The Financial Industry Regulatory Authority (Finra) has fined Credit Suisse Securities (USA) LLC $1.75 million for allegedly failing to properly supervise short sales of securities and marking of sale orders.
Finra, an independent regulator for securities firms doing business in the U.S., claims Credit Suisse entered millions of short sale orders without reasonable grounds to believe that the securities could be borrowed and delivered and mismarked thousands of sales orders.
In concluding this settlement, Credit Suisse neither admitted nor denied the charges, but consented to the entry of Finra's findings.
Finra claims that from June 2006 through December 2010, Credit Suisse's system regarding "locates" and the marking of sale orders was flawed and resulted in a systemic supervisory failure that contributed to failures across its equities trading business. Finra also claims that Credit Suisse mismarked tens of thousands of sale orders in its trading systems, including short sales that were mismarked as "long.''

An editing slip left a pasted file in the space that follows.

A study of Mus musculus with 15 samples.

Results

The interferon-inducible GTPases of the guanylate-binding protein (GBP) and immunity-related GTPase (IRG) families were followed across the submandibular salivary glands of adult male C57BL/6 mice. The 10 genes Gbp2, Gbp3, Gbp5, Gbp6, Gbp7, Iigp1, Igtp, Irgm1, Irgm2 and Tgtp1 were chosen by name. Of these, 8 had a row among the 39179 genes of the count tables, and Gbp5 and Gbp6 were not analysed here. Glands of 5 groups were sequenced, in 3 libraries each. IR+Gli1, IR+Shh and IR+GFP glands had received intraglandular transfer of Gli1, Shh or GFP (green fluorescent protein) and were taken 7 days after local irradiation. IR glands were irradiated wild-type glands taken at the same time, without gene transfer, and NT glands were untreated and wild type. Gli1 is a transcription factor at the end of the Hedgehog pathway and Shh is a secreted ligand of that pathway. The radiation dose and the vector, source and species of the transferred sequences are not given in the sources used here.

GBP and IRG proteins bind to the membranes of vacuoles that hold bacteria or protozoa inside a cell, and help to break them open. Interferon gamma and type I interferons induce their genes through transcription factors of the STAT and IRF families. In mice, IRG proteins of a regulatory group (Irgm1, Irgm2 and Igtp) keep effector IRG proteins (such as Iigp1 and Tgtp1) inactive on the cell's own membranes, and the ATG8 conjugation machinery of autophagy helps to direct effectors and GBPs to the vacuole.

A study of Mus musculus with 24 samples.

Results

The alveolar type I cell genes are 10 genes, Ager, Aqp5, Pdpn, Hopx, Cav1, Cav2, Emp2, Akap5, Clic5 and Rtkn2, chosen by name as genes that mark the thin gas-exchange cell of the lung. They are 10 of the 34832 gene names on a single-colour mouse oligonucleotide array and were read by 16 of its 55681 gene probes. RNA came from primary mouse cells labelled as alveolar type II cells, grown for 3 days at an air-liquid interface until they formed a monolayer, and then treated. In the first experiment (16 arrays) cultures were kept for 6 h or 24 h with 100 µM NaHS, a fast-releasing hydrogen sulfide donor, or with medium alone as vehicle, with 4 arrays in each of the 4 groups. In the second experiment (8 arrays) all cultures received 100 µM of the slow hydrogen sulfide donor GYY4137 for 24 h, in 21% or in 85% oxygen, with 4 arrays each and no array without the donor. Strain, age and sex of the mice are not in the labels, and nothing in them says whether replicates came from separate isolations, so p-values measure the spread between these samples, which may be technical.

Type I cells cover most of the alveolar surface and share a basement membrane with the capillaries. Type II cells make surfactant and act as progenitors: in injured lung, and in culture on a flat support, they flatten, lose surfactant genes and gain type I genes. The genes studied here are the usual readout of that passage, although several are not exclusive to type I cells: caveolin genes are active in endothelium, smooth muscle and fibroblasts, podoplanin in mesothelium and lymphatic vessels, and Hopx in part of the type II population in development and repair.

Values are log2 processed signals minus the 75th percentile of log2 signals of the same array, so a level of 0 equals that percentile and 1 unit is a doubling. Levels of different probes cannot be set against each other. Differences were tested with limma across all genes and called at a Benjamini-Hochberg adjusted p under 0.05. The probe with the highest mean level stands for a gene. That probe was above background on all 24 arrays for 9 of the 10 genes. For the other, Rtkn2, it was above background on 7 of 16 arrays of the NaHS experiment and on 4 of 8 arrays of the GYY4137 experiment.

In a short sale the seller does not actually own the security it is selling, but instead purchases or borrows the security to make the delivery. It requires a broker or dealer to have reasonable grounds for believing it can borrow or purchase the security so that its available for delivery before accepting or making a short sale order. According to Finra, that requirement reduces the chance of deliver failures. Firms must obtain and document this "locate" information before the short sale is entered. Securities regulations also requires a broker or dealer to mark sales of equity securities as long or short.
As the result of Credit Suisse's supervisory failures, Finra claims that many of violations were not detected or corrected until after Finra's investigation.